January 10, 2019 12:14 pm
Updated: January 10, 2019 9:40 pm

Cabinet shuffle coming Monday after Scott Brison announces resignation

WATCH ABOVE: Treasury Board President Scott Brison says he has decided not to seek re-election in 2019 and will also resign from his role in the federal cabinet


There will be a federal cabinet shuffle on Monday.

Global News has confirmed the shuffle comes as a result of the decision by Treasury Board President Scott Brison to resign after 22 years as an MP.

READ MORE: Scott Brison resigns from federal Liberal cabinet

No time has yet been set for the shuffle.

However, it will result in at least one change in the federal cabinet with others also possible if other ministers are moved around to accommodate the changing portfolios.

WATCH BELOW: Justin Trudeau says Treasury Board president has ‘full support’

When asked about the upcoming shuffle during a media availability in B.C. on Thursday, Prime Minister Justin Trudeau declined to offer few hints about who could end up where as he fills the gap being left by Brison.

“This will require some changes to our cabinet and that’s something we’re going to be announcing on Monday,” Trudeau said.

However, he also was asked about what Brison brought to the table in the role.

WATCH BELOW: Brison says PM was disappointed by his decision to resign, tried to convince him to stay

His response may hint he will be looking to someone with a proven track record of delivering on promises to take over the job.

“The President of the Treasury Board is someone who is focused on actually delivering on the significant investments and services to Canadians that the government is responsible for,” he said before again praising Brison for his “understanding of how best to deliver.”

In an interview with the Canadian Press published on Thursday, Brison said he had decided to resign given he will not be running for re-election later this year.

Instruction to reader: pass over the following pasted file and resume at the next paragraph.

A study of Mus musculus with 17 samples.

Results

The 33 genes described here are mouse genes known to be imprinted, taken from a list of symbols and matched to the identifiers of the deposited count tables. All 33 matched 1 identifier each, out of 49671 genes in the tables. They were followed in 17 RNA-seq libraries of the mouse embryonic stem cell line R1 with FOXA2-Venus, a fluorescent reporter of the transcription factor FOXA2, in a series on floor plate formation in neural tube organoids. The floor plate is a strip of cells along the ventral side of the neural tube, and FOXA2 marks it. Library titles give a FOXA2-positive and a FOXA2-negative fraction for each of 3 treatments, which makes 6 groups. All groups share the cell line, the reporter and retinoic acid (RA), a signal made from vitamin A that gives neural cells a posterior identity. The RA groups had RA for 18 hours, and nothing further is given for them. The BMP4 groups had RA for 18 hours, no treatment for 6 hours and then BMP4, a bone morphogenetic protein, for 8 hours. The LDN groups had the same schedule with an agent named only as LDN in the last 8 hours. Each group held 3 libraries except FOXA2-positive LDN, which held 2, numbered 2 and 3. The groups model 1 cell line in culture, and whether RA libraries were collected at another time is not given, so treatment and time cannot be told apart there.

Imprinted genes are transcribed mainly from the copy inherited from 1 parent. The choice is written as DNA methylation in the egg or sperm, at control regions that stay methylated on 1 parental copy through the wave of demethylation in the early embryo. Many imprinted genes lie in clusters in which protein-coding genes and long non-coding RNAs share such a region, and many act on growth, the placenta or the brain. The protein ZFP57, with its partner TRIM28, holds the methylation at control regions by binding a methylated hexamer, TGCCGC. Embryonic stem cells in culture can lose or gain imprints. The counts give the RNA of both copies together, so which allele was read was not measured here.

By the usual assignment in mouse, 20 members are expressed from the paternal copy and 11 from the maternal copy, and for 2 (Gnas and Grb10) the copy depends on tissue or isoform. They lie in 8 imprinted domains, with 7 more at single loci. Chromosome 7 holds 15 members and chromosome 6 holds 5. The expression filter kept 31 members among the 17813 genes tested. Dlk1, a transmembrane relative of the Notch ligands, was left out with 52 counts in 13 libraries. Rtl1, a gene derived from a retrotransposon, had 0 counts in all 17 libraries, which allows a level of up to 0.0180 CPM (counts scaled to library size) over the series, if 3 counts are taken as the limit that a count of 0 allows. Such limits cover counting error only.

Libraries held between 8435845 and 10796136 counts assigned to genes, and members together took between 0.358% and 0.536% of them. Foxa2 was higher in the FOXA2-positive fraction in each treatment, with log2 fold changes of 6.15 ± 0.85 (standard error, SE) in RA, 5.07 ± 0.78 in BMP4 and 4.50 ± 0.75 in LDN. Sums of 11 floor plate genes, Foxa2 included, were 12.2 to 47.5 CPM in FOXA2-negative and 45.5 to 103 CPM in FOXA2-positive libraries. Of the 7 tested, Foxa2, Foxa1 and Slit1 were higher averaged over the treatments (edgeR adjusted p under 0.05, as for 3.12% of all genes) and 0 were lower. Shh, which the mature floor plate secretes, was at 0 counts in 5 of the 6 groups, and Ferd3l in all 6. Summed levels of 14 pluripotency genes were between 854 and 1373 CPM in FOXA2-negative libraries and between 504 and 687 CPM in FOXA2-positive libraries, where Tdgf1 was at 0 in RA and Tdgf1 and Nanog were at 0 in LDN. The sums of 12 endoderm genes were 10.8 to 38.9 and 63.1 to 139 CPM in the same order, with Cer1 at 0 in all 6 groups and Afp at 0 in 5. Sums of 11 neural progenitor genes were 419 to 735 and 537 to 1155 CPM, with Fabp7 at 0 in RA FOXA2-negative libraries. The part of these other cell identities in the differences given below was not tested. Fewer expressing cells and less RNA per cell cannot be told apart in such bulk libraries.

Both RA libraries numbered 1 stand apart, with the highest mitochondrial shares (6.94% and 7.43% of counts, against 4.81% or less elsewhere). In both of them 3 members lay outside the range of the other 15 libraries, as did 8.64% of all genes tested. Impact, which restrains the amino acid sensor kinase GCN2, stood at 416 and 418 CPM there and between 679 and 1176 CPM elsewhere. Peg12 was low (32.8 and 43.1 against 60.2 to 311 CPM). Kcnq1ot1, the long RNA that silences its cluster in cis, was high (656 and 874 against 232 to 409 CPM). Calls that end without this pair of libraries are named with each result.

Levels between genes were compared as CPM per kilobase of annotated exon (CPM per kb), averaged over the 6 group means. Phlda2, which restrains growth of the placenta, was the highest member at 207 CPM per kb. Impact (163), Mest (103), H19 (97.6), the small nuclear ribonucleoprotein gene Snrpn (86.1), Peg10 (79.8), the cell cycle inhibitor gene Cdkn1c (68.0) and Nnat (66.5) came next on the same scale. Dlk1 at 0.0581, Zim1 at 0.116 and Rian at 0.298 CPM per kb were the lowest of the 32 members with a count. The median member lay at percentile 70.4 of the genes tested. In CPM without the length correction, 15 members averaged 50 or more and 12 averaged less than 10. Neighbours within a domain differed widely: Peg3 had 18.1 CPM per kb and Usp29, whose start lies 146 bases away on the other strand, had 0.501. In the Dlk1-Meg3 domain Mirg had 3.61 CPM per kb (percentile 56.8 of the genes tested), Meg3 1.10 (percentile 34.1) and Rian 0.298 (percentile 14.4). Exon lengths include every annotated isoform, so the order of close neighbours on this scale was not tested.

WATCH: Longtime MP Scott Brison quits politics days before Trudeau cabinet shuffle


Brison is expected to be a star witness when the case goes to trial in August — just weeks before this year’s election campaign officially starts.

“If that issue had never occurred, I would be making the same decision that I’m making now,” he said, refusing to further discuss issues that are now before the court.

Brison has admitted to pressing the newly minted Trudeau government in 2015 to suspend a $700-million plan to build a new supply ship, a move that the RCMP alleges prompted Norman to leak secrets to Quebec’s Davie Shipbuilding so it could pressure the Liberals into restarting the project.

WATCH BELOW: Scott Brison explains decision to resign

But he’s told the House of Commons that he was simply doing his job as Treasury Board president, the minder of the public purse, to ensure taxpayers were getting good value for the ship contract.

Brison has also denied accusations levelled by Norman’s lawyers and echoed by opposition MPs that he lobbied on behalf of Halifax-based Irving Shipbuilding, which wanted the Liberals to cancel the Davie deal and hire Irving for the supply-ship job instead.

— With files from the Canadian Press.

© 2019 Global News, a division of Corus Entertainment Inc.